Musk is the largest shareholder in SolarCity, SpaceX and Tesla. He is also the chairman of SolarCity and chief executive of SpaceX and Tesla.

At 44-years old Musk has built a business empire that is unique, with the three companies he leads worth almost $50 billion combined. In the process of building his empire, the businessman has used some strange financial moves, according to the Wall Street Journal.

Elon Musk Sustains Companies With Strange Financial Moves

He has bought bonds issued by one company using funds from another, and even taken out $475 million in personal credit lines to buy shares in SolarCity and Tesla when they needed capital. This credit is secured using $2.51 billion of his shares in the two companies, an unusual practice among CEOs because it can spook other shareholders.

Some analysts believe that it is riskier than ever for Musk to do so now the companies are big and publicly traded.

“As an analyst, it is often a red flag for me when companies and management direct loans between entities they have personal or financial interests in,” said Nathan Weiss, founder and senior analyst at independent research firm Unit Economics LLC in East Greenwich, R.I.

Businessman defends financial practices

However Musk has defended the practice. “There were a few cases where one company was doing considerably better than another, and I borrowed money,” he said in the interview.

Musk says that “if I ask investors to put money in, then I feel morally I should put money in as well.”

“I should not ask people to eat from the fruit bowl if I have not myself been willing to eat from the fruit bowl,” he continued.

He also maintains that the risk is slight because the shares are less than 5% of his total net worth of over $10 billion. That figure does not even count Musk’s stake in SpaceX.

The companies have recorded a string of recent successes. Tesla announced its Model 3 sedan to a rapturous reception and SpaceX successfully landed its reusable rocket on a platform in the ocean.

Shares in both SolarCity and Tesla are volatile, but the businessman says that he has “made it clear to shareholders that I subscribe to the notion that the captain is the last person off the ship.”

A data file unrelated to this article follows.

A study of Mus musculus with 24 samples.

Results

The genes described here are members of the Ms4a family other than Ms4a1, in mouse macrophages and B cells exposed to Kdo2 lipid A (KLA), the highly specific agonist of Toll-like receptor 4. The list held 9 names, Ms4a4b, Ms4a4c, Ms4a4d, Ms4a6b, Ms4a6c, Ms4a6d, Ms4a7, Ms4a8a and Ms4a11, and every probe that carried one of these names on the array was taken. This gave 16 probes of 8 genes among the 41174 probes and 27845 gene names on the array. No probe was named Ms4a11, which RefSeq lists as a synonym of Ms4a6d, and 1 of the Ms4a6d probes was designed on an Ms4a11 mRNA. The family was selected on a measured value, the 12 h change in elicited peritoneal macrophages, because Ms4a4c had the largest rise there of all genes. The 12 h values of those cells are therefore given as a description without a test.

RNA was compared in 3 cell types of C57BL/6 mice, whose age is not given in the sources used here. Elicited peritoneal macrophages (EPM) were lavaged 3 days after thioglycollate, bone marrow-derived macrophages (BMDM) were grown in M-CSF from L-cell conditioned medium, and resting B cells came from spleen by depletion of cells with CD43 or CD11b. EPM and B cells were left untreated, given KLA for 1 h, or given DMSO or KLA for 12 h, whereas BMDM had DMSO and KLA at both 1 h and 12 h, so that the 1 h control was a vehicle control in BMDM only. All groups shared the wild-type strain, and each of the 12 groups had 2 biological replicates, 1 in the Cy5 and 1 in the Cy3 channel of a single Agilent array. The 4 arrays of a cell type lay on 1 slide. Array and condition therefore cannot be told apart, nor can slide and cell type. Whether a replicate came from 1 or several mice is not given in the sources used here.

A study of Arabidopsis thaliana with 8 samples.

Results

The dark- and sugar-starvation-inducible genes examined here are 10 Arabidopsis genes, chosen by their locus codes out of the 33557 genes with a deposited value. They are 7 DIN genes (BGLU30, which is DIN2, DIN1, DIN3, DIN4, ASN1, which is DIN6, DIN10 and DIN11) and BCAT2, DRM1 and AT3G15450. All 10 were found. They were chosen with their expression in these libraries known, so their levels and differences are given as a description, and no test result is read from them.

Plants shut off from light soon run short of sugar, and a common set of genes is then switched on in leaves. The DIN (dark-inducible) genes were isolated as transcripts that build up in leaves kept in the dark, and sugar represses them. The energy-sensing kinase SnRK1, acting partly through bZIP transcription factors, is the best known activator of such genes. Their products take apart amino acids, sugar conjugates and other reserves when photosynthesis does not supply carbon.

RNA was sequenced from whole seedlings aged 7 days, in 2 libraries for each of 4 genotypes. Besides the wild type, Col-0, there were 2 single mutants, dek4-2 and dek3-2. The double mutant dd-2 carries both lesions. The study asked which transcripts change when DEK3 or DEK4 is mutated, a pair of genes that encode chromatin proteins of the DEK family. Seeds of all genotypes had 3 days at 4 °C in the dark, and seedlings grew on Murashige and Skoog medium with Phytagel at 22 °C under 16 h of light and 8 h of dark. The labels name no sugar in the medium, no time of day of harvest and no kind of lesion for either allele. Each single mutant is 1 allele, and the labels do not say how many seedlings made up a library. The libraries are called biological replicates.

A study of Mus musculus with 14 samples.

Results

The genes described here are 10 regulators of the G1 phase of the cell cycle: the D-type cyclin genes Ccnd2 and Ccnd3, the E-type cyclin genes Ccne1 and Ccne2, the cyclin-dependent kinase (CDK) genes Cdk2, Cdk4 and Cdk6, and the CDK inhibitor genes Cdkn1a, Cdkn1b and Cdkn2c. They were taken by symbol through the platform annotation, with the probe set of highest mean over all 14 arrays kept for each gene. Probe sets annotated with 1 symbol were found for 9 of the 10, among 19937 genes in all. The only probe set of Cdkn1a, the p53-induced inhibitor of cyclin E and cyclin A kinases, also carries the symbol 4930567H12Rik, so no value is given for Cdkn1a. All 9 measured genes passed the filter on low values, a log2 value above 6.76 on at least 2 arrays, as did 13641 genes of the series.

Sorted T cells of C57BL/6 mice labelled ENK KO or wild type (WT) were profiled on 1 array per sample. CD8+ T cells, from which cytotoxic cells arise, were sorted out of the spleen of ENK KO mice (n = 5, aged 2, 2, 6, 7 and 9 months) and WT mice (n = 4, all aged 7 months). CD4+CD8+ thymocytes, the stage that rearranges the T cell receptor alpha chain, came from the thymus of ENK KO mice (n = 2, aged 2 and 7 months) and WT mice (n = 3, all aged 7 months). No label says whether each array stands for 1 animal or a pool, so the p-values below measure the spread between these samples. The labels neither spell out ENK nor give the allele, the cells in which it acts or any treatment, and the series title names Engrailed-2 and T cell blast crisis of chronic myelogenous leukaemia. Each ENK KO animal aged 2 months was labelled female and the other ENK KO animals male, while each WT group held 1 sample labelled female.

Board member backs Musk strategy

Stephen Jurvetson, a founding partner of venture-capital firm Draper Fisher Jurvetson, an early and large investor in SpaceX, Tesla and SolarCity, said he is not concerned by the financial moves carried out by Musk.

Mr. Musk’s “passion is breathtaking,” said Mr. Jurvetson, a director at SpaceX and Tesla. He said that he has been impressed by Musk’s vision and dedication.

Musk kickstarted the three businesses using $165 million earned from the sale of his stake in online-payments platform PayPal in 2002. Since then he has proven his willingness to use funds from one company to support another.

After SpaceX won a $1.6 billion contract from NASA around the same time, Musk personally borrowed $20 million from the company. He used the money “to help fund Tesla.”

In 2013 the electric carmaker ran into further trouble around the same time as SolarCity also needed cash. Musk increased his personal credit lines to $300 million.

U.S. lawmakers keeping an eye on financial transactions

More recently the movement of money between Musk controlled companies has started to raise concerns among U.S. politicians. Some are worried that money from federal contracts awarded to SpaceX could eventually be used to help SolarCity.

Over the course of its history SpaceX has received $3.2 billion in government contracts, and lawmakers want to be certain that none of the money ends up supporting SolarCity. Rep. Doug Lamborn (R., Colo.) proposed an amendment this week which would ban Musk from using SpaceX money to buy SolarCity bonds.

Lamborn claims that the bill is to show Musk that Republicans are watching him. “It’s more for messaging it than debating it and bringing it to an actual vote,” Mr. Lamborn said Wednesday. “It’s enough to raise the message about it.”

Musk has refused to comment on the latest developments, but a SpaceX spokesman did say that the company “cash balances are not ‘government money.’ They are SpaceX funds that originate from a broad combination of commercial customer contracts, government contracts and private investor funds.”

In 2015 a similar amendment to the defense-spending bill was proposed, but quickly withdrawn. This Wednesday a House committee started looking into this year’s defense spending bill.

The question for Musk is whether his strange financial dealings will land him in hot water with lawmakers.